The Montreal Health Equity Research Consortium (MHERC) held an informal workshop Friday, October 26th discussing whether a patient’s socioeconomic status (SES) should be considered when allocating healthcare resources. Dr. Berit Bringedal, a sociologist and senior researcher at the Research Institute of the Norwegian Medical Association, delivered the talk. She is a former Harkness Fellow in Health Care Policy and Practice at Harvard Medical School, and secretary for the Norwegian governmental committee for priority setting in health care.
A tentative argument for preferring low SES patients is to correct for general inequality in health. Low SES groups exhibit less favourable health outcomes, even with universal health care; physicians could therefore play a redistributive role to correct for such disparities.
This view is widely regarded as inappropriate. Traditionally, physicians are assigned the role of advocating for the best health interest of their patients. There is resistance to grant them a larger role in allocation decisions, which could threaten the standard of care of treatment. Dr. Bringedal also argues that this view undervalues the natural causes of disease, and commits an ecological fallacy. The ecological fallacy is ascribing qualities of a group to a single individual. An individual poor patient may have much better health than an individual rich patient. Justifications that hold between groups do not necessarily hold between individuals. (One member of the audience, however, pointed out that the ecological fallacy could also be levelled against all individual medical treatment decisions that rely on population trial data).
This approach essentially attempts to correct for unequal health outcomes. For this reason, it is susceptible to both utilitarian and levelling down criticisms: first, it is more expensive to use health care alone to try and generate the same outcomes in poorer groups; second, providing more robust services to the poor means providing less robust services to the rich (under resource scarcity).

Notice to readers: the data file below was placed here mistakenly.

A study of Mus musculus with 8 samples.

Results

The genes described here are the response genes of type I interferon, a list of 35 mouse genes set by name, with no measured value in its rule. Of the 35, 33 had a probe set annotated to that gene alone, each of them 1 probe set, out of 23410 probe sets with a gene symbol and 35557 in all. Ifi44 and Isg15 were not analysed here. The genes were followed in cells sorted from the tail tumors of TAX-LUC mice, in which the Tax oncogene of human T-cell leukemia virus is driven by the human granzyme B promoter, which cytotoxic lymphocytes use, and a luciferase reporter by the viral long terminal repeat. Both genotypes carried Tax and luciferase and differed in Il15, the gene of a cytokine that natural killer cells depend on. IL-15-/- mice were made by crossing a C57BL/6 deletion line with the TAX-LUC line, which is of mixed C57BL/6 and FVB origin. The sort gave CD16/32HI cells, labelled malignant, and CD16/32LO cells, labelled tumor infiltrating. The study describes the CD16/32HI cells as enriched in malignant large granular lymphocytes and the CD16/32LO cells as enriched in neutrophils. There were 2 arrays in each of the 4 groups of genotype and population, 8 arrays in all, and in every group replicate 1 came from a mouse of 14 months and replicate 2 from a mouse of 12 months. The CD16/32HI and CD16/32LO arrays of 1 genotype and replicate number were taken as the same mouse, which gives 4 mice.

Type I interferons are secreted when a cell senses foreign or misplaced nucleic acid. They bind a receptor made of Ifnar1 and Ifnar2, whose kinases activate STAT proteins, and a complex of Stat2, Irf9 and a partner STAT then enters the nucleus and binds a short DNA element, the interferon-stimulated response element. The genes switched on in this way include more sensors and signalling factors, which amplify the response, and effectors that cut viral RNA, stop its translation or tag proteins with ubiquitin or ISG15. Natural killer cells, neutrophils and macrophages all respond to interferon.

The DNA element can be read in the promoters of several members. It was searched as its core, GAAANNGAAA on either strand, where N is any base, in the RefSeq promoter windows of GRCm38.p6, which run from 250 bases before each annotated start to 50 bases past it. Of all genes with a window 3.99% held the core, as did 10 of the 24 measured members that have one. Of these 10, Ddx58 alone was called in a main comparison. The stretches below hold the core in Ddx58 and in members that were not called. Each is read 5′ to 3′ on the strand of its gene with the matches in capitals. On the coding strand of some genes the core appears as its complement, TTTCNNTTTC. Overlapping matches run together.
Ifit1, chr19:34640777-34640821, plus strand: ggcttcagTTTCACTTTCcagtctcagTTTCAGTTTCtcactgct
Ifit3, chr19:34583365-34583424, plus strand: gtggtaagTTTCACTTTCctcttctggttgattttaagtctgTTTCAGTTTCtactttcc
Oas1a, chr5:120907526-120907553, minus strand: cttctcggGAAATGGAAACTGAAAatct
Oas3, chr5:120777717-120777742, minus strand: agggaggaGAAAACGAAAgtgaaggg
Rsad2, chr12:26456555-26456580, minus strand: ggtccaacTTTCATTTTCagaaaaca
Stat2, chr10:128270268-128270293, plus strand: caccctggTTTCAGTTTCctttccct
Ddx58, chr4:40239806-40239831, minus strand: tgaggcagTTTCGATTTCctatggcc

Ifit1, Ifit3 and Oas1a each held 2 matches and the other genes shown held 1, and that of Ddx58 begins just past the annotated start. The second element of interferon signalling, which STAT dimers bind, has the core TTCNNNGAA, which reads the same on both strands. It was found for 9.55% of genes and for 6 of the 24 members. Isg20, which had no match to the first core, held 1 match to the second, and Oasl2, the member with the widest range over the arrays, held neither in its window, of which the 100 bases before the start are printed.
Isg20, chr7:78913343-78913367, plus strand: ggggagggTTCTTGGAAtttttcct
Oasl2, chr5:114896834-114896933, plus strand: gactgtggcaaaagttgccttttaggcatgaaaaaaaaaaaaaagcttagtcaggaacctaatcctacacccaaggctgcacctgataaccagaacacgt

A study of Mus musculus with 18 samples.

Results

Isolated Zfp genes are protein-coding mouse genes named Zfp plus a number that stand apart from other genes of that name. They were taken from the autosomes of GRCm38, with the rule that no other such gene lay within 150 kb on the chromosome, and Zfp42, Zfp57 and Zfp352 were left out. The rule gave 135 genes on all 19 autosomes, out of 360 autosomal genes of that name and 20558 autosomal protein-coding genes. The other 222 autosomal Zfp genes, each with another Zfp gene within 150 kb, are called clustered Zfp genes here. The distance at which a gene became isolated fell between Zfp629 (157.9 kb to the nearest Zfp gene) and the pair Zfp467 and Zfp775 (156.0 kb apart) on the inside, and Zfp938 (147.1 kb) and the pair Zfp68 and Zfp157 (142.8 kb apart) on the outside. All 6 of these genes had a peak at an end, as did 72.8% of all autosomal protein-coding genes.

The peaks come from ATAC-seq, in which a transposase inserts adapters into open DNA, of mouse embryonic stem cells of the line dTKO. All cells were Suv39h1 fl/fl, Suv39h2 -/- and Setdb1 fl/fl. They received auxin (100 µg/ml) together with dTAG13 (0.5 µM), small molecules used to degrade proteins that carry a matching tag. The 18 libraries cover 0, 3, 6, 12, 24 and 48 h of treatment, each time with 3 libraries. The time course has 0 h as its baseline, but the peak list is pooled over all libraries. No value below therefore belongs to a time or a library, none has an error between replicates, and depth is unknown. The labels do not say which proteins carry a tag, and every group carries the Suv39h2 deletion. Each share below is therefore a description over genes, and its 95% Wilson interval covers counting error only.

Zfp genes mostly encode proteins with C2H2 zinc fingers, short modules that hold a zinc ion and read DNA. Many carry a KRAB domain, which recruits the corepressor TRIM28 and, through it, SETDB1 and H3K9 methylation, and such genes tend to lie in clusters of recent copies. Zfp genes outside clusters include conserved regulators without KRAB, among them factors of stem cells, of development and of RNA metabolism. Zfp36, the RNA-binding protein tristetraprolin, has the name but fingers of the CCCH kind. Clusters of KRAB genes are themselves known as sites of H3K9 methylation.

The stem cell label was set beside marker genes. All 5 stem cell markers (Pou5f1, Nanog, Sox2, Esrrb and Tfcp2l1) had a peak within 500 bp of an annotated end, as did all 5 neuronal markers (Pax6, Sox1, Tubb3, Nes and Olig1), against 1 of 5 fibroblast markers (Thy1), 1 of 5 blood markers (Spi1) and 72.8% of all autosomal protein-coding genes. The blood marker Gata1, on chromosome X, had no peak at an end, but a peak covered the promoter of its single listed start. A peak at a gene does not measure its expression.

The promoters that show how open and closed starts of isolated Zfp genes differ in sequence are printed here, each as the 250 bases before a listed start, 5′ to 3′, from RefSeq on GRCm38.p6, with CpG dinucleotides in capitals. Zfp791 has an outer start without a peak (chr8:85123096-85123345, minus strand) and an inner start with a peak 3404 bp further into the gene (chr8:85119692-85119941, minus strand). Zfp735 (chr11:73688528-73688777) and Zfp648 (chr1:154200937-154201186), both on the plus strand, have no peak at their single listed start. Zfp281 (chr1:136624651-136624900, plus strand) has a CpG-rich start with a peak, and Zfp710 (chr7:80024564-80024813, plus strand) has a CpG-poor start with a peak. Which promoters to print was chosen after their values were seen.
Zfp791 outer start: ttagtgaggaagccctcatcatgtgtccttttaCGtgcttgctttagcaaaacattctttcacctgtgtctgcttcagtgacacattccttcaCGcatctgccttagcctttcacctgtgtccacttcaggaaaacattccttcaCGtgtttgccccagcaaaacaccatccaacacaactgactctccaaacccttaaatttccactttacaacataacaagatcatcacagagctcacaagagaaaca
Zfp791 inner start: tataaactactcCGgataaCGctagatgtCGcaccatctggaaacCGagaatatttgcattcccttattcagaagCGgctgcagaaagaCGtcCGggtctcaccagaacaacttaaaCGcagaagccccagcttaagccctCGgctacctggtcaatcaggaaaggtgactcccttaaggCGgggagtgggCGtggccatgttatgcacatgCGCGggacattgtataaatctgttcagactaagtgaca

Alternatively, Dr. Bringedal suggests a focus on input equality. Instead of trying to correct for disparities in health outcomes, the goal should be equal access to healthcare, equal ability to benefit from treatment. This approach recognizes that physicians are susceptible to biases that generate unequal access to the benefits of health care. Patients with lower SES status often have higher health needs. Doctors often need to spend more time helping them understand their conditions and treatment regimens. They should also recognize difference in patients’ abilities to advocate for their own treatment. There is evidence of these inequalities. For example, diagnoses of diffuse psychiatric conditions increase with SES status, suggesting unjustified differential treatment at the input stage.
Dr. Bringedal suggests solutions to improve equal access to benefit. Physician ethics could be reworked to articulate an explicit commitment to give equal regard to all patients. More research should explore factors causing unequal opportunity to benefit, which in turn unjustifiably exacerbate SES correlated health disparities. Whether we like it or not, on some level, physicians are making important resource allocation decisions. These decisions must be made consciously, transparently, and with an eye towards just distribution of access to the benefit of treatment.